Developed a model for estimating fish populations using VPA (virtual population analysis)
A physiological ecologist, Fry is known internationally for his development of a new model for the way fish respond to their physical and chemical environment. He divided all environmental effects on fish into five classes: controlling, limiting, lethal, masking and directive. This work helped to increase understanding of how environmental factors interact to affect performance of individual fish and their populations at any given time.
Fry's major contribution to the science of population dynamics was VPA (virtual population analysis). VPA allows researchers to estimate a fish population, based on the annual catches for a year-class, as well as the natural mortality rate. It is a tool now used internationally to manage major fisheries.
In 1945, following a distinguished war service in aviation medicine with the Royal Canadian Air Force (service which resulted in an MBE), Fry went to the University of Toronto as an assistant professor. In 1956 he was appointed Professor of Zoology, and in 1974, Professor Emeritus. In addition to his significant contributions as a teacher and researcher, he played a major role in developing long-term collaborative research projects in several Ontario lakes. These projects still continue, and the work and publications of generations of graduate students have contributed enormously to fisheries management in Ontario.
Fry served as president of the American Society of Limnology and Oceanography (1951), the American Fisheries Society (1966), the Canadian Society of Zoologists (1966), and the American Institute of Fishery Research Biologists (1972). In 1974, the Canadian Society of Zoologists established the Fry medal, presented annually to an outstanding Canadian zoologist, in recognition of his contribution to Canadian science.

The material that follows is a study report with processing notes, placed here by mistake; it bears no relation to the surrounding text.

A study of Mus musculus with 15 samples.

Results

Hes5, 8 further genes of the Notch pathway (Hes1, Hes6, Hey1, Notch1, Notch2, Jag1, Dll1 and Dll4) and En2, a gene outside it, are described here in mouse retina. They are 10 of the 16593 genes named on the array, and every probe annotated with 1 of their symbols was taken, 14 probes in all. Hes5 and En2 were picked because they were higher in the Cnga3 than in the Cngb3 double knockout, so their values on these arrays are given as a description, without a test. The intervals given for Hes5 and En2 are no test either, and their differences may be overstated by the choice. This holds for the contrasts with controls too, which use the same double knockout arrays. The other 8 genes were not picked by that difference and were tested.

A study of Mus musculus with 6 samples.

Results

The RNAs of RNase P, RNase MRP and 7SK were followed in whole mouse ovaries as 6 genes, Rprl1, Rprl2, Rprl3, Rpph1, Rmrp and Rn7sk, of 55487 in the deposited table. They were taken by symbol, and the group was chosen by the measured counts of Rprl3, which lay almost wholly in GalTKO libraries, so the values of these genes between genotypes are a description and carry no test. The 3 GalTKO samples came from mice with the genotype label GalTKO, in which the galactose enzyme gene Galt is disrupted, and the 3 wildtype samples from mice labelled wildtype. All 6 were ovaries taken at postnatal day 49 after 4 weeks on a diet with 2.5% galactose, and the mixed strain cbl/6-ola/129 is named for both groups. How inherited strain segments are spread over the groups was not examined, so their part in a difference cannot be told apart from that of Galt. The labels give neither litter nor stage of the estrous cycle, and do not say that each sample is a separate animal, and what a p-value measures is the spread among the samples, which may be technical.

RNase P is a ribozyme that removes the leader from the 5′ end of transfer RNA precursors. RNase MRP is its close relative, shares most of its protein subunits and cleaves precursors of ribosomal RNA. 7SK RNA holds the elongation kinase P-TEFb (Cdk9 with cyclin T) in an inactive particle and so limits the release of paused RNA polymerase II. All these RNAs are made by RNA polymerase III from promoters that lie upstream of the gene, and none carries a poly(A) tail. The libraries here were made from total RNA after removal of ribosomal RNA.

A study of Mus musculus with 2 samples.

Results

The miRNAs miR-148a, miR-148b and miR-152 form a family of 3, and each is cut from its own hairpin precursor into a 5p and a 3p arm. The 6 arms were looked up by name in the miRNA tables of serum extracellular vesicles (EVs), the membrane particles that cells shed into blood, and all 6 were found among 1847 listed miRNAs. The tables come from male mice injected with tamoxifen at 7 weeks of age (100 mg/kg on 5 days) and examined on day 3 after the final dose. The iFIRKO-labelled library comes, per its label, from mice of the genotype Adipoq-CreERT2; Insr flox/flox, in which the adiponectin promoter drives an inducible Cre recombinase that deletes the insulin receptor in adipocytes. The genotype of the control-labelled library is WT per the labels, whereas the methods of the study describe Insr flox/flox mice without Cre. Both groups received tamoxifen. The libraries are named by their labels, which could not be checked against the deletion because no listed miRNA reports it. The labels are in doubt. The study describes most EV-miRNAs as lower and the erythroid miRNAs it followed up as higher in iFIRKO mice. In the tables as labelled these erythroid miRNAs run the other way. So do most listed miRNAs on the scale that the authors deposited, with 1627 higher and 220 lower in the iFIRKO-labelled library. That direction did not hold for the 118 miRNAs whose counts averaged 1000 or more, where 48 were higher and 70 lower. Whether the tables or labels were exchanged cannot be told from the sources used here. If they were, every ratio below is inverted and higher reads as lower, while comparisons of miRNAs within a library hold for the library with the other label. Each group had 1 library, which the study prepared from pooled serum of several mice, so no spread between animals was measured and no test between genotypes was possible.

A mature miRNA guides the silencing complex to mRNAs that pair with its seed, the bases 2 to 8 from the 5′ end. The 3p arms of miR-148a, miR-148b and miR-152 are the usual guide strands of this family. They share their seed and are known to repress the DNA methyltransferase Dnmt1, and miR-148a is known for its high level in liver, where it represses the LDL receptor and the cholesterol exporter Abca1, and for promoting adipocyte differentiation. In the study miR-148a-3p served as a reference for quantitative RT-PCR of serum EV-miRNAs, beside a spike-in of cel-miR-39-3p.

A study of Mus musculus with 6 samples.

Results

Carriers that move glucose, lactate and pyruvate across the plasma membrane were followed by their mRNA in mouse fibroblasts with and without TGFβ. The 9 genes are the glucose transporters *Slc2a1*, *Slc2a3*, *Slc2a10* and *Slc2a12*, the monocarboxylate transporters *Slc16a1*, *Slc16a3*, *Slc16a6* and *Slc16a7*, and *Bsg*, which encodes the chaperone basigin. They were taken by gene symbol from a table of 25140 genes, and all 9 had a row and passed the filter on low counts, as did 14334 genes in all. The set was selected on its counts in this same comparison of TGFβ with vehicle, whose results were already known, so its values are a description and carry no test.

Fry's breadth of knowledge ranged beyond zoology, to botany, physics and mechanics. He invented many devices, such as a greenhouse with walls made of plastic water containers to hold the day's heat, and a submersible fish-observation chamber which incorporated the viewing turret from a Lancaster bomber. Upon retirement, Fry continued as an Associate with the Institute for Environmental Studies at the University of Toronto, as a consultant, and as editor of the Journal of Great Lakes Research.
Sources: The Canadian Encyclopedia, 2000 ed., Journal of the Fisheries Research Board of Canada 33:298-345, 1976; Transactions of the American Fisheries Society 119:571-573, 1990; Dr. William H. Neill (personal communication).